British trade union GMB is campaigning to urge Amazon staff to organise and join up in a campaign aimed predominantly at the ecommerce giant’s warehouse staff in Inverclyde, Dunfermline, Swansea, Rugeley, Bedford, Peterborough, Hemel Hempstead, Doncaster and Croydon. The GMB says: “At the moment Amazon offers “jobs of last resort” to the communities where they build their warehouses.”
The GMB says that staff working at the warehouses, or fulfilment centres (FCs), are mostly in a precarious financial situation: “Most of the time, according to GMB members, Amazon is not helping people off benefits and into work permanently – their employment practices just lock people into the revolving door of low paid temporary work and Job Seekers Allowance – making already hard hit towns and communities even poorer. In Amazon the Minimum Wage has become the Maximum Wage for most staff, most staff cannot get enough hours of work and live in far (sic) of losing their job every day. Few Amazon staff can make ends meet without claiming benefits while they work for Amazon.
According to a recent survey of all Amazon staff: 91% would not recommend working for Amazon to a friend. 70% of staff felt they were given disciplinary points unfairly, 89% felt exploited, 78% felt their breaks were too short and 71% reported that they walked more than 10 miles a day at work.” A source for the survey isn’t cited.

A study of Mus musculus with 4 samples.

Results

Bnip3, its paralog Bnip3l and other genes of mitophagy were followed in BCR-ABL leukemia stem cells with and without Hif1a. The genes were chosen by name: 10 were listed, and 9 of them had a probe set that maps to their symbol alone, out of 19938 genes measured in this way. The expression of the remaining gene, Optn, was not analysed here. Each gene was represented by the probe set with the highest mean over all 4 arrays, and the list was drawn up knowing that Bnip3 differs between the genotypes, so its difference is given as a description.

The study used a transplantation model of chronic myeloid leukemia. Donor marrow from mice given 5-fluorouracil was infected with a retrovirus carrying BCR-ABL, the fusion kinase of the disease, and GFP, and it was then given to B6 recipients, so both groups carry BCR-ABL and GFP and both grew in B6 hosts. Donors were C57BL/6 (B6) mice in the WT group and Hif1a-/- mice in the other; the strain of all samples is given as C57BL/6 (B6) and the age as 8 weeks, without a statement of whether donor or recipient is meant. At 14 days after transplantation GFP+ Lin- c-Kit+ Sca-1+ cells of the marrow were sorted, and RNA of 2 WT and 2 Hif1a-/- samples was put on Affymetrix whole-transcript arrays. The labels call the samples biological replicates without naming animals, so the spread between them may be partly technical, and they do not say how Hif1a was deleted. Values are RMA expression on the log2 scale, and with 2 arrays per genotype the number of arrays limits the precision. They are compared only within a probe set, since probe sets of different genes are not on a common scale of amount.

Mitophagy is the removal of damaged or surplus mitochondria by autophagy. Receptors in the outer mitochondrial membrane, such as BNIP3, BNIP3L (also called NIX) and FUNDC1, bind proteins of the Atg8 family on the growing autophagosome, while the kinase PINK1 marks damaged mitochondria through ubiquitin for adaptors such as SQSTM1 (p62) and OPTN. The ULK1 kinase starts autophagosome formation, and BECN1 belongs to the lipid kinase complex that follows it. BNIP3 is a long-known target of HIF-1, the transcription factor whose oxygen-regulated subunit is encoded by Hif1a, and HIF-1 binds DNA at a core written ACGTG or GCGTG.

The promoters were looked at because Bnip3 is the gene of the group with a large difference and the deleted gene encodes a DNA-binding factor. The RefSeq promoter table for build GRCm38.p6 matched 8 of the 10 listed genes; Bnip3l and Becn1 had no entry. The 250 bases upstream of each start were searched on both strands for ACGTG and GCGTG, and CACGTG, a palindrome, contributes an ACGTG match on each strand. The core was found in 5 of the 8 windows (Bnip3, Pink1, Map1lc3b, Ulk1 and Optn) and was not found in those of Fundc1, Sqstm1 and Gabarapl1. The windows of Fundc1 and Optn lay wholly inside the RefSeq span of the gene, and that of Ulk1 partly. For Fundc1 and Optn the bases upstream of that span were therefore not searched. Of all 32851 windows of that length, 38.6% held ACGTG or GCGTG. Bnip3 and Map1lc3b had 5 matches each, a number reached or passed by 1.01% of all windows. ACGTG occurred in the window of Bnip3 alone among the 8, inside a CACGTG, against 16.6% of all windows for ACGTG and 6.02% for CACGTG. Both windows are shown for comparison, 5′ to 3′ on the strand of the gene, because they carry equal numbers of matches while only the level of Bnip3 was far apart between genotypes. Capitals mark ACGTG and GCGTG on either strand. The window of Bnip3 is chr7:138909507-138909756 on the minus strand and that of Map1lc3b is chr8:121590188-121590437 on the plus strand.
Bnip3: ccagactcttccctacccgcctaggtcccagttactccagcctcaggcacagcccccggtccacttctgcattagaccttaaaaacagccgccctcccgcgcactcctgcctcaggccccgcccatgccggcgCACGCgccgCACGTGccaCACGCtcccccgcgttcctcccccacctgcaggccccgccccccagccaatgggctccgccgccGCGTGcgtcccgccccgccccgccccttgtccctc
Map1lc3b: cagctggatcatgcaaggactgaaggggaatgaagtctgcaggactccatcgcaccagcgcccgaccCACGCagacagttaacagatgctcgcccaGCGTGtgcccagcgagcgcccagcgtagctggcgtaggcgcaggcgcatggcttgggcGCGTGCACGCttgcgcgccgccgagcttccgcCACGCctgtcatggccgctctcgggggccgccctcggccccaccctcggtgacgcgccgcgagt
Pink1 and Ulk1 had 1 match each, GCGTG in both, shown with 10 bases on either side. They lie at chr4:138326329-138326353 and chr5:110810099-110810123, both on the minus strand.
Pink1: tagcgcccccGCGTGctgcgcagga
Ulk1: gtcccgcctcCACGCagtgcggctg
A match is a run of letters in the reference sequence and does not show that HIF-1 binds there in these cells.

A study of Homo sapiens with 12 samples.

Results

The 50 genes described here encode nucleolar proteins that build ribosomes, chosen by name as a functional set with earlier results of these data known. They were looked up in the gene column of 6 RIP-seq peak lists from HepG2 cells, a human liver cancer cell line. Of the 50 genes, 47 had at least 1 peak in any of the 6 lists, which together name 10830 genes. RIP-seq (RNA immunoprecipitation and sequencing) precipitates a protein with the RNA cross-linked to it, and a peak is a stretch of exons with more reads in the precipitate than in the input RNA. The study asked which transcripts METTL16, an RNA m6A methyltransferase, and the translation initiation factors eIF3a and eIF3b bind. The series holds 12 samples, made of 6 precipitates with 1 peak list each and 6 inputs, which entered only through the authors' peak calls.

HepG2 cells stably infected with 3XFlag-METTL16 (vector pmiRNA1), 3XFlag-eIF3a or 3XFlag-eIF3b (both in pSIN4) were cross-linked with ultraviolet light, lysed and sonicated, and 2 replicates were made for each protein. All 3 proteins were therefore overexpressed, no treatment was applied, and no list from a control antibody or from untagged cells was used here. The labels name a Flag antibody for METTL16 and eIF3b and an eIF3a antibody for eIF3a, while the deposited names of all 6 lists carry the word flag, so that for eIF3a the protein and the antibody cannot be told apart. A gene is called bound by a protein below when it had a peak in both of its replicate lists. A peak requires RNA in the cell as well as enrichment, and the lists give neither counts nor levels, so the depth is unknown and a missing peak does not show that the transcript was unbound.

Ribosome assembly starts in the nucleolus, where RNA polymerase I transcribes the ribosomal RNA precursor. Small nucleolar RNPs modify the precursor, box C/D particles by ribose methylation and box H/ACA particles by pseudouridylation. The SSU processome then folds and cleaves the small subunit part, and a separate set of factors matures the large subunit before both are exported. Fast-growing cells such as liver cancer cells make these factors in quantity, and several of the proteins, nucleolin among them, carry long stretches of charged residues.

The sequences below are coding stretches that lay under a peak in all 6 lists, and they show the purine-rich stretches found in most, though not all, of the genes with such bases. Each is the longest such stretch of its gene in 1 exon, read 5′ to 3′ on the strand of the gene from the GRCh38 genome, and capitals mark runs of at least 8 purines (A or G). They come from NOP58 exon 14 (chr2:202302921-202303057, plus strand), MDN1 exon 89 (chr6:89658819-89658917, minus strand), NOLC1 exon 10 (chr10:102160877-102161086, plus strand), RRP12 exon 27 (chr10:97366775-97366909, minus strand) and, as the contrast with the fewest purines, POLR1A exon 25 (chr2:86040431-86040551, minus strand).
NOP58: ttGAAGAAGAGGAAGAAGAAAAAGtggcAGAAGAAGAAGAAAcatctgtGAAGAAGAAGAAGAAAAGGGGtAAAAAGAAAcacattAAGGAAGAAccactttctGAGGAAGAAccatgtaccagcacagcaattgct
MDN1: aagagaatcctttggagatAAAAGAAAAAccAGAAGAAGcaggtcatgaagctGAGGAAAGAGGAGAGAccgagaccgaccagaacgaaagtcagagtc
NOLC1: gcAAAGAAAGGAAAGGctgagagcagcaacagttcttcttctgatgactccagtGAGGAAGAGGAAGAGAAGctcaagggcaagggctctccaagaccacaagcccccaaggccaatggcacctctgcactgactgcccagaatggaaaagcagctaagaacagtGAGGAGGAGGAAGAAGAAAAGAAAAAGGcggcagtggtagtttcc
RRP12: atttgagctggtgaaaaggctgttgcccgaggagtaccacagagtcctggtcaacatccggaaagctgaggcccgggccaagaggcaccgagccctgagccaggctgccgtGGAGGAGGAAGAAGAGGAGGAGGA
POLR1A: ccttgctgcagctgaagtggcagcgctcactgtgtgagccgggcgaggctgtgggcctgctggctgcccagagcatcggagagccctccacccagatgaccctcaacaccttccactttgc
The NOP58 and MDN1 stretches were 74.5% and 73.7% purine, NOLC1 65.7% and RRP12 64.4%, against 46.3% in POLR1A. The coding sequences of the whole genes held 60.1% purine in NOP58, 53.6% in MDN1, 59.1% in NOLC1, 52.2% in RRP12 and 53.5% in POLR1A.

There is no doubt working in an Amazon FC is vigorous work. But we wonder whether the picture is quite as bleak as this union paints. Very often the FCs are bringing much needed jobs to sometimes depressed areas. And the seasonal work that Amazon brings, in particular, will likely be welcome. But with the increasing use of zero-hour contracts, it’s not hard to see how it can be hard to rely on such work when your weekly income isn’t guaranteed.